To prepare for a possible Brexit, banks have stepped up wargames in recent days, modelling for extreme pressure on their cash reserves. With the encouragement of regulators, some lenders, including HSBC, have even run modelling for the imposition of capital controls, according to people briefed on the exercise.
Banks said regulators had demanded a stress test that modelled for a 20 per cent fall in sterling. Traders said the volume of derivatives being used as protection against steep declines in currency and equities had not been seen since the peak of the eurozone crisis in 2011.
The cost of hedging against big moves in the pound — as measured by the one-week sterling volatility — rose to 43.86 on Wednesday afternoon London time.
The good news: should Leave win, "Britain will not be Greece"
Despite the heightened sense of alert, bank treasurers said they were confident their balance sheets were robust, given that capital and liquidity buffers were many times higher than in the last financial crisis.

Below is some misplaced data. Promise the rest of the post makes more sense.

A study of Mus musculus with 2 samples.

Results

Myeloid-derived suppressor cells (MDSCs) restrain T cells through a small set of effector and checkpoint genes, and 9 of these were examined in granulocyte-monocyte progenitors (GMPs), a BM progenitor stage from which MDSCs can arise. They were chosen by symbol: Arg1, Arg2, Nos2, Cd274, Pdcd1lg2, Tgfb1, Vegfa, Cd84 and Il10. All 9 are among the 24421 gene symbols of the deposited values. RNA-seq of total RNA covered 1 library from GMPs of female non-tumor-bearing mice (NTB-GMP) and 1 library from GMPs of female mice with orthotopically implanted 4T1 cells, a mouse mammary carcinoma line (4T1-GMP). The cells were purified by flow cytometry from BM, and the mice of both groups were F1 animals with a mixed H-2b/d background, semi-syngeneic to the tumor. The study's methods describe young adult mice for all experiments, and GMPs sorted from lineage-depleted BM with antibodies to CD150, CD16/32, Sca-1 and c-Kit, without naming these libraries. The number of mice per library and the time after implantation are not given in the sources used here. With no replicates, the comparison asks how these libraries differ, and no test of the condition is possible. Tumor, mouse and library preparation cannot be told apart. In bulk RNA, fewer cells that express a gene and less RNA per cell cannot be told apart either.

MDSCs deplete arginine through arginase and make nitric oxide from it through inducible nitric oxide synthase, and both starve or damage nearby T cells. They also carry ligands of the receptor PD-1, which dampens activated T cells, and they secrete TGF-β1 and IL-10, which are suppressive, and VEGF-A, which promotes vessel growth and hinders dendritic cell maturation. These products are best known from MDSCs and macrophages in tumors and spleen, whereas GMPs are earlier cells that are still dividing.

Notably, even Europe seems to be admitting that "Plan B" did exist all along:
There were also signs some European leaders would be accommodating to the UK if it chose to leave. While Jean-Claude Juncker, the European Commission president, vowed there would be no further renegotiation with Brussels after a Leave vote, the head of Germany’s primary employers’ group said it would be “very, very foolish” to erect trade barriers with a Britain outside the EU.
Some senior financiers saw worrying echoes of the 2008 financial crisis. Lord Mervyn Davies, the former Standard Chartered chairman and Labour minister, said: “Everyone’s fearing a 2008 freeze of the wholesale markets. If that happens [the Bank of England] is going to have to step in as a buyer of all assets.”
So is this just more scaremongering, or a legitimate confirmation that all hell may break loose? All we know is that self-fulfilling prophecies have a nasty habit of becoming precisely that. Ultimately, the answer is in the hands of the British people.